In thinking about Tu b’Shvat, an ancient celebration of the new year for trees, I reflected on my personal connection with trees and nature.
I realized that I have a love affair with a tree. While we commonly speak about loving another person or an animal, we don’t generally discuss falling in love with a specific tree.
For some context, Tu b’Shvat is dedicated to the love of trees and the natural world. By the start of the 20th century, the Jewish National Fund helped invigorate the celebration of Tu b’Shvat by making it a national tree-planting day. Today, Jews around the world commonly plant trees to mark a birth, a bar/bat mitzvah or wedding, as well to remember someone who has passed away. As the idea of Tu b’Shvat as a tree-planting holiday gained in popularity during the second half of the 20th century, the holiday became more celebrated as a nature holiday. Environmentalists have become more connected with Tu b’Shvat to celebrate our place within and responsibility for God’s creation. Many people now consider Tu b’Shvat a kind Jewish “Arbor Day,” a day on which to reconnect to the earth and renew our connection to it.
During a recent Torah study session about Tu b’Shvat, I reflected on a tree that I have fallen in love with. For the past 20 years, I have made an annual trip to The Ashram, a hiking/yoga retreat near Malibu, California. During the week, I hike about 80 miles over 7 days and eat a solely vegan diet. On the very long Thursday hike, there is a section involving a hike down the valley and a switch back that leads up a steep section out of the valley. At the U-turn is a beautiful tree standing at the edge of the trail. The U-turn gracefully accommodates its positioning. For some reason, I began to stop and hug this tree. It is very tall with a fork in the main branches. Its branches stretch to the side rewarded with more sunlight. After 13 miles of hiking, I pause and hug the tree, reflecting on the various worries and life challenges with which I have struggled. It is powerful for me to hug the tree each year and realize that those life concerns I worried about in previous years have all resolved themselves. I don’t have a photo of the tree, nor do I think of it often. However, since I recently hugged this tree on my latest trip to the Ashram and just studied about Tu b’Shvat, I became more reflective of my love for this particular tree. While my life has changed considerably over the years, this tree has remained constant. Each year, I have shared my internal concerns with the tree, and felt safe opening my heart in its presence. The tree has become a mirror on my life; a mirror that reflects without judgement. The tree is truly grounded, physically and metaphorically. I approach the tree after 13 miles of strenuous hiking and hours of reflection and solitude. My mental state is free of external stimulation as I hike in the wilderness. My soul is open and unencumbered. As a result, I can connect with my favorite tree in this contemplative state. While I often find my thoughts wandering before approaching the tree, simply hugging it helps me feel grounded and aligned as I continue on my journey along the path and through life.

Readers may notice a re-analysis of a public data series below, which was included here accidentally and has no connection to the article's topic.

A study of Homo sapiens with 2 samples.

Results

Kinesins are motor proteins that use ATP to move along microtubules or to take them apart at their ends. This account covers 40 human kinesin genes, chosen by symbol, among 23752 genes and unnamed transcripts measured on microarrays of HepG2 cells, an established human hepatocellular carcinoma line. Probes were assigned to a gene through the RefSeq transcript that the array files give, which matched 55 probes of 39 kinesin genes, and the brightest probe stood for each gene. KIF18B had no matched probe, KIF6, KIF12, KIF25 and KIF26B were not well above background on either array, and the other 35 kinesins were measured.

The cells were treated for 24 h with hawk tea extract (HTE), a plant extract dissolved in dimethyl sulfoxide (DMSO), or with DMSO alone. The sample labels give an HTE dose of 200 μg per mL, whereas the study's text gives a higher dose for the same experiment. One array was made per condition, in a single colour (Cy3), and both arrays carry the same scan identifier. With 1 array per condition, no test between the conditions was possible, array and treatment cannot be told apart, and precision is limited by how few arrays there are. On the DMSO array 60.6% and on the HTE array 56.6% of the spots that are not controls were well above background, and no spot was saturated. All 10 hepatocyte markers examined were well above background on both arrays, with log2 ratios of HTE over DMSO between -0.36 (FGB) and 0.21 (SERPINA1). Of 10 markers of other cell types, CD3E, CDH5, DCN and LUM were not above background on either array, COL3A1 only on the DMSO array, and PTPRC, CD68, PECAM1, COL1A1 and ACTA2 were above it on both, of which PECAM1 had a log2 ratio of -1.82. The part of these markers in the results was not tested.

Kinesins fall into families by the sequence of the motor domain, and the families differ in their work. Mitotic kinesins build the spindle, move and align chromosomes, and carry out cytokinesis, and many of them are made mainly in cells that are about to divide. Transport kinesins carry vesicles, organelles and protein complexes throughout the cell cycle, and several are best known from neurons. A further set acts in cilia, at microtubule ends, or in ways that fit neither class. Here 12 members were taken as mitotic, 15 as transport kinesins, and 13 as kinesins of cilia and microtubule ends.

I encourage everyone to find a way to connect with nature and find some time to reflect. Doing so allows to see ourselves anew, to think deeply about the meaning of our lives and our place within creation. More than being generally connected to nature, can we each find time to connect with one specific tree or another grounding object in nature? Can you remember a childhood memory climbing a particular tree or spending time with a friend under a favorite tree?
In Genesis, Adam and Eve begin their lives in the Garden of Eden. There, they sought to connect with the Trees of Life and of Knowledge. While their stay in Eden was short-lived, I believe we can each recover something of this primal human experience in our own gardens, forests, valleys and mountaintops.